Imagine there was a giant, lucrative pile of metal sitting somewhere, worth several billion US dollars. Enough to satisfy entire countries for a full year. You'd probably want it to get used, no?
Well, that's the situation in Vietnam, where a giant, kilometre-long pile of seized aluminium, worth US$5 billion, is just... sitting. It's been there since 2019, when it was taken as part of an anti-dumping investigation, and due to the resource crunch in recent years, it's now worth 50% more than it was when this whole thing started.
In the same way wheat can be seen as "virtual water", aluminium is often known as "virtual energy", since its production is so incredibly energy-intensive that shipping it around can save a country a significant portion of its energy usage. That means this isn't even just about the metal, as the European energy crisis keeps on going, impacting production there. Hopefully it actually gets used at some point soon rather than just sitting around.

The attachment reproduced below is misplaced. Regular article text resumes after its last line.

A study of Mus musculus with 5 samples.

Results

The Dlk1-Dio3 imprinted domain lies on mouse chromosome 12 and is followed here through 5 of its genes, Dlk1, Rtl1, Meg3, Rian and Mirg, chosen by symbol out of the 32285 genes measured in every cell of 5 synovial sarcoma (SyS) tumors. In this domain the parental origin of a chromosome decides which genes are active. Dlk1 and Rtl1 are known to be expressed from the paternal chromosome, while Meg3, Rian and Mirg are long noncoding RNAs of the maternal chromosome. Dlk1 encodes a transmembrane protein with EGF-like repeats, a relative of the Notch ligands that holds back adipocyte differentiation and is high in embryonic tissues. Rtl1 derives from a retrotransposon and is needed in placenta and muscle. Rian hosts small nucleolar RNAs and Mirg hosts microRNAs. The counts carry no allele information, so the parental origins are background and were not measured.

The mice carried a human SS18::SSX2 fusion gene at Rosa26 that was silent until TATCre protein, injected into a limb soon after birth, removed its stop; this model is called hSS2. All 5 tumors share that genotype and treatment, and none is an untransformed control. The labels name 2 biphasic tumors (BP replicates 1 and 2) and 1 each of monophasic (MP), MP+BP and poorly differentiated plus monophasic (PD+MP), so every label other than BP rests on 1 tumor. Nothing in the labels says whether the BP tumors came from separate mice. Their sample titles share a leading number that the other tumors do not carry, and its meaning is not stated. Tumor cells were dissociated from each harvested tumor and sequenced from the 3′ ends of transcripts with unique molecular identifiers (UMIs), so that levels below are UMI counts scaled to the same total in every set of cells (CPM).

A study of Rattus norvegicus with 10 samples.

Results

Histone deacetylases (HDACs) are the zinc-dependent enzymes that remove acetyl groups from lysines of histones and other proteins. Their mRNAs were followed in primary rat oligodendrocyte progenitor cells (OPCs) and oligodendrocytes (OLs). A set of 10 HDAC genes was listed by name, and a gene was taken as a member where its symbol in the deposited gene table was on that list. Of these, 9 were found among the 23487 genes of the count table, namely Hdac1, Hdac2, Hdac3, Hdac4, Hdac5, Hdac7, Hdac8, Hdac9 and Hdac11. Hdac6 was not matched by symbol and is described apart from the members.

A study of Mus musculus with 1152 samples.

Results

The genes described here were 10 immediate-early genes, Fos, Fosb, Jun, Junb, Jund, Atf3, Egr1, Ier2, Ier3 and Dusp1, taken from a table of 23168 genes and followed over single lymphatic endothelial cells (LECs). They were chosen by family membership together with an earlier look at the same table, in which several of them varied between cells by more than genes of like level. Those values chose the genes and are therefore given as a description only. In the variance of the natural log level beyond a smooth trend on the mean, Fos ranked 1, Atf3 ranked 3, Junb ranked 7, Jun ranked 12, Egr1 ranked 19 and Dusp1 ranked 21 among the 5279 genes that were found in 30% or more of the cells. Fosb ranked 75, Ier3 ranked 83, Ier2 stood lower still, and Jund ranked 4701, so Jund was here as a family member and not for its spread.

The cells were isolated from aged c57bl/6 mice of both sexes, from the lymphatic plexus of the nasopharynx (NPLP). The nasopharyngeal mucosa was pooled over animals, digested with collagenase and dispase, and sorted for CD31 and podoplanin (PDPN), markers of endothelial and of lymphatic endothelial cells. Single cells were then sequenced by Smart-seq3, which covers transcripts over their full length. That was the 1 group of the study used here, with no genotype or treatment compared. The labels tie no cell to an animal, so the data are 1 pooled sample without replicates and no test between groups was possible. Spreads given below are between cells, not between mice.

If you have been around the infrastructure corners of the internet for even a modicum of time, chances are you've heard rumours about the Canadian National Maple Syrup Reserve, spoken about only in whispers, like it's a joke that somehow permeated the public conciousness.
Well, it's real, and for the first time in a while, they're actually going to use it - half of it, in fact. Supply was down due to a warm spring, and demand worldwide is up, and as any economics student will tell you, that means prices are soaring. In order to keep them reasonable, the Reserve has been deployed to even things out a little.
And, in order to make sure they don't run into this again next year, they're ramping up how many maple trees they're tapping - to have enough to meet demand and to refill the reserve, before it's sealed away behind a big maple-leaf vault door, presumably.